Game Four of the World Series (in St. Louis, not my imagination) was rained out last night. May be rained out tonight. Or maybe tomorrow. Who can keep up?
Who cares to?
Back when we were just some second-rate, second-division afterthought, I probably would have. Baseball fans watch baseball games and I'm a baseball fan. Yet after our having filled the collective role of Icarus from April 3 to October 19, I suspect a lot to most of us wing-melted Mets fans have landed on Pluto where this Tiger-Cardinal matchup is concerned. And we're not alone. Dancing With The Stars outrated Game Three of the freaking World Series and that was with Game Three going off as scheduled. On a Thursday night, which is übercompetitive in network television to begin with (even without new eps of Earl and The Office, dang it), I suspect the numbers will plunge to Bob Gibson 1968 levels.
I'd like to believe it's because America is absolutely mournful that its Mets — how could a team as beautiful as ours belong to merely a single city? — are missing from action. But that's not it. The World Series ain't what it used to be in terms of national glue and it has nothing to do with participant market size. I really miss those days when baseball was everything to everybody even if I never lived in them. In Memories of Summer, the great Roger Kahn described the phenomenon of autumn as it existed when he prepared to cover his first Fall Classic in 1952, New York (A) at Brooklyn:
Six hundred of the best and most popular sportswriters in the country would cover every inning of every game. The ranks included [...] Vincent X. Flaherty of San Francisco. The closest major league stadium, Sportsman's Park in St. Louis, stood 2,140 miles east of Flaherty's home base, but the old World Series transcended geography. It was a front page story across the country, especially exotic to people who lived thousands of miles away. Few Americans had seen anything more of a World Series than patchy black-and-white scenes worked into newsreels. Those glimpses left imagination free to roam.
Now the World Series is just something Fox airs so it can plug the BCS and Brad Garrett. The USA doesn't need an excuse to ignore it. Giving it the mostly anonymous Tigers and momentarily overachieving Cardinals certainly helps, though.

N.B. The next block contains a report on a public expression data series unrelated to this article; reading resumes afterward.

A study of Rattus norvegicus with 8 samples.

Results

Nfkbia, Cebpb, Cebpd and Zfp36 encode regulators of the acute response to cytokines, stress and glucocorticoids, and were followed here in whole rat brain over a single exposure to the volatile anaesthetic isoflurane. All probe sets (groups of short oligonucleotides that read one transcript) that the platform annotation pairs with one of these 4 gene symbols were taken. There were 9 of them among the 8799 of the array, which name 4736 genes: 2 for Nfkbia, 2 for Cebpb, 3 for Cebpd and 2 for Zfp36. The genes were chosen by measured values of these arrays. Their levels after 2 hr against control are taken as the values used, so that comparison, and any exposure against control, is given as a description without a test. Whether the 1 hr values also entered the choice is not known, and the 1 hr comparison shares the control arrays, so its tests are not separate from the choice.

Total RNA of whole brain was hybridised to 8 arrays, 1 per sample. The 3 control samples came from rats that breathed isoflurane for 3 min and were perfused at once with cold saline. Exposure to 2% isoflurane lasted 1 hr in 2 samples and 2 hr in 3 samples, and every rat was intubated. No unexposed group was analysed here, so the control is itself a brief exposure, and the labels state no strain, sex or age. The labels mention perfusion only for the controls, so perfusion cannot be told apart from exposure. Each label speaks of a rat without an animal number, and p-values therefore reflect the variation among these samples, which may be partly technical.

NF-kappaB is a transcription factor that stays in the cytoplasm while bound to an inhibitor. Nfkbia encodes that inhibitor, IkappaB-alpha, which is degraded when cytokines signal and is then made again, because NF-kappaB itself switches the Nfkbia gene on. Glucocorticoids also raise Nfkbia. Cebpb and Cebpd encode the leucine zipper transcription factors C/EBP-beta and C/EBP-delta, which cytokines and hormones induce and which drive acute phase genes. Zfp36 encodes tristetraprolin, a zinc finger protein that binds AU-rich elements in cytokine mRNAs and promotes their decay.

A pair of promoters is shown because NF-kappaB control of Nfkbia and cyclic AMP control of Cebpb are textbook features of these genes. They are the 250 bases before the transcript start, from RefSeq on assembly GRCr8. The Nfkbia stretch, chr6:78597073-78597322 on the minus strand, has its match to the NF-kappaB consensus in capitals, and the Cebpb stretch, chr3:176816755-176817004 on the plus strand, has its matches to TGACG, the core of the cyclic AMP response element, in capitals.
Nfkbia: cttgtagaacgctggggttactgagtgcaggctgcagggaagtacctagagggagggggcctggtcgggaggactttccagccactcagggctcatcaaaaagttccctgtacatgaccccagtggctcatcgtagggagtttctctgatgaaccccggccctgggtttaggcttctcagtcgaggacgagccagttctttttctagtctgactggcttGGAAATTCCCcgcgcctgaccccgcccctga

A few days ago, stripped of fresh Met nits to pick, my regular e-mail group was trying to realign baseball to buy us a more favorable outcome. I've read everything from four eight-team divisions to eight four-team divisions (we're expanding, apparently). I'm tempted to say let's just go back to two leagues: the Mets in one, everybody else in another, us in the World Series no matter what.
The root of my friends' not altogether unreasonable gripe with the system is how the fudge can a 97-win behemoth like ours sit home while some non-entity that barely finished over .500 gets t-shirts and stuff? Of course we all pay lip service to 1973, but it is frustrating when October Madness places the Red shoe on the other foot, namely ours. I took it as total sour grapes until I read Sports Illustrated and it was noted that “St. Louis had 83 wins, which ranked them 13th among Major League teams this year.”
THIRTEENTH? Really? Geez. How did that happen?
Oh yeah, we stopped hitting.
I doubt the Dancing With The Stars crowd would be moved by statistical niceties, but 13th-winningest team is a little jarring. The Blue Jays were better. The Phillies were better. Nearly half of baseball was better. In 1973, only eight teams had more wins than us (“only,” he says with a straight face). But 1973 was…well, it was 1973. It was a magic fluke. The Cardinals, at least until they reveal themselves transcendent, are just some decent team from a lousy division that got on a roll when somebody else fell into a slump. They're also two wins from a world championship.
Rain. Don’t rain. Whatever.
• While the Mets gave away a World Series last week, we will attempt to give away a World Series DVD tomorrow, the one with highlights from 1969 and 1986, two years when baseball's playoff setup was astoundingly perfect. There will be a quiz, for which I offer this advance hint: title & artist.
• Next week, look for a proper Faith and Fear retrospective on that semi-championship season, 2006. I don't know what's going to happen in 2007, but I'm pretty handy with a rearview mirror.